The University of Hawaii Institute for Astronomy (IfA) has been a prime mover in federally funded astronomy programs, according to a study published in the Journal of Astronomical Telescopes, Instruments, and Systems.

The authors tracked the impact of National Science Foundation (NSF) grants for astronomy technology and instrumentation development over the last 30 years.

From world-class infrared imaging to groundbreaking laser optics, IfA’s cutting-edge devices funded by NSF have had major impacts on the field of astronomy.

“The IfA is a powerhouse of astronomical instrumentation — fueled in large part by funding from the forward looking NSF Advanced Technologies and Instrumentation (ITA) program,” explains IfA Astronomer Christoph Baranec. “The key new technologies that are developed at the IfA enable scientific breakthroughs, create unique training opportunities, and pave the way for other major facilities around the world and in space.”

IfA projects supported by the NSF ATI program

Robo-AO on the UH 2.2-m telescope on Maunakea. (Photo credit: C. Baranec)

Baranec developed the very first autonomous laser adaptive optics (AO) system and science instrument. The Robo-AO system is able to correct image distortion due to Earth’s atmosphere and execute large surveys robotically. It’s funded by the NSF ATI program and is “the most widely acknowledged ATI award” in the history of the program.

Baranec is now deploying its successor, Robo-AO-2, also supported by ATI, on the UH 2.2-m telescope on Maunakea.

IfA received a $7 million grant, the largest single ATI award to date, to support development of the HAWAII 4RG mosaic camera, which has become the gold standard in infrared imaging, and will soon be in use at almost all major ground-based observatories. The device will also be utilized in many upcoming space missions including the Euclid and Nancy Grace Roman space telescopes.

Other ongoing ATI-funded projects on Maunakea include ʻIMAKA, an adaptive optics system that corrects atmospheric image distortion over a much larger area than previously possible. ATI recently funded a new deformable secondary mirror for the UH 88-inch telescope that will be the first of its kind on a major telescope. Additionally, the ATI program has funded work to improve the exoplanet imaging capabilities of the W. M. Keck Observatory using optical techniques originally designed for space telescopes.

One award, supported the development of a novel near-infrared pyramid wavefront sensor for Keck Observatory’s AO system, built by Charlotte Bond, Mark Chun and Don Hall at IfA.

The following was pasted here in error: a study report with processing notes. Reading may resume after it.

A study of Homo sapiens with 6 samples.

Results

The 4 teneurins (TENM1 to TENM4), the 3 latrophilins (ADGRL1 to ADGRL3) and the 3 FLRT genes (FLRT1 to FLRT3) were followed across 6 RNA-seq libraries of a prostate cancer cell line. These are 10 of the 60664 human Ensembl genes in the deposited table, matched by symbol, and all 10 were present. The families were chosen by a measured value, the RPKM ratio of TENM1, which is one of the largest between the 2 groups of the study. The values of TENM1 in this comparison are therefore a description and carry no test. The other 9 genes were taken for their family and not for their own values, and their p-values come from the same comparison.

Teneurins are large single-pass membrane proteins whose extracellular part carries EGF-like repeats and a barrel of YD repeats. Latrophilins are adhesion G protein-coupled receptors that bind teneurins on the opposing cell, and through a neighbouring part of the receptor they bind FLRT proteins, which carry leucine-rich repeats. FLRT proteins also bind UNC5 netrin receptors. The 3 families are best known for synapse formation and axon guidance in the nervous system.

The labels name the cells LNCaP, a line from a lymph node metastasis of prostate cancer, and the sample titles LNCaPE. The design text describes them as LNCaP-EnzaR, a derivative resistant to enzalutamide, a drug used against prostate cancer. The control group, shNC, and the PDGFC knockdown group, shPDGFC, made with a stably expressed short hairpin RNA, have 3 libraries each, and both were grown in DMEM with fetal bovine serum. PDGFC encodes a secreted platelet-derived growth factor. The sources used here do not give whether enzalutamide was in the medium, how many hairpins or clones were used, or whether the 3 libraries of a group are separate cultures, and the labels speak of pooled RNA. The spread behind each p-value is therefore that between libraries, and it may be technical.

“The NSF ATI program has been a key supporter of new instrumentation, which has proven transformative on many occasions,” said IfA Astronomer Michael Bottom, recipient of the most recent award. “The funding we received this year will not only help advance the field, but will let us train the next generation of instrumentalists here in Hawaii.”

Impacts of funding

According to the study, ATI grants have provided many early career researchers the opportunity to gain critical professional experience, but technology development unfolds over a time period that is longer than an individual grant. It noted that investments in technology and instrumentation can lead to exceptional scientific progress.

Long-term impacts are seen in ATI awards from the 1980s and 1990s, a period notable for disseminating charged-coupled device (CCD) cameras to astronomical observatories for research and teaching. Maunakea was one of the observatories to receive CCD cameras through ATI awards in this time period.

In the 1980s, the IfA was already a major player in the development of adaptive optics for astronomy. Innovative approaches to wavefront sensing and control, the curvature sensor and bimorph mirror, were developed during this time.

ATI awards to former IfA researcher Francois Roddier partially supported the deployment of this technology at the Canada-France-Hawaiʻi Telescope on Maunakea, and its use to study circumstellar environments and protoplanetary disks. The technology was later adopted by the 8-m Subaru Telescope, also on Maunakea. ATI supported the development of laser guide stars and the deployment of AO instrumentation on Maunakea.

“This report confirms that the IfA is a world leader in astronomical instrumentation, and the ATI program has played a major role, bringing funding, expertise and training opportunities to Hawaii,” IfA Interim Director Robert McLaren noted. “It is a great example of just how important astronomy has been, and will continue to be to the future of our state.”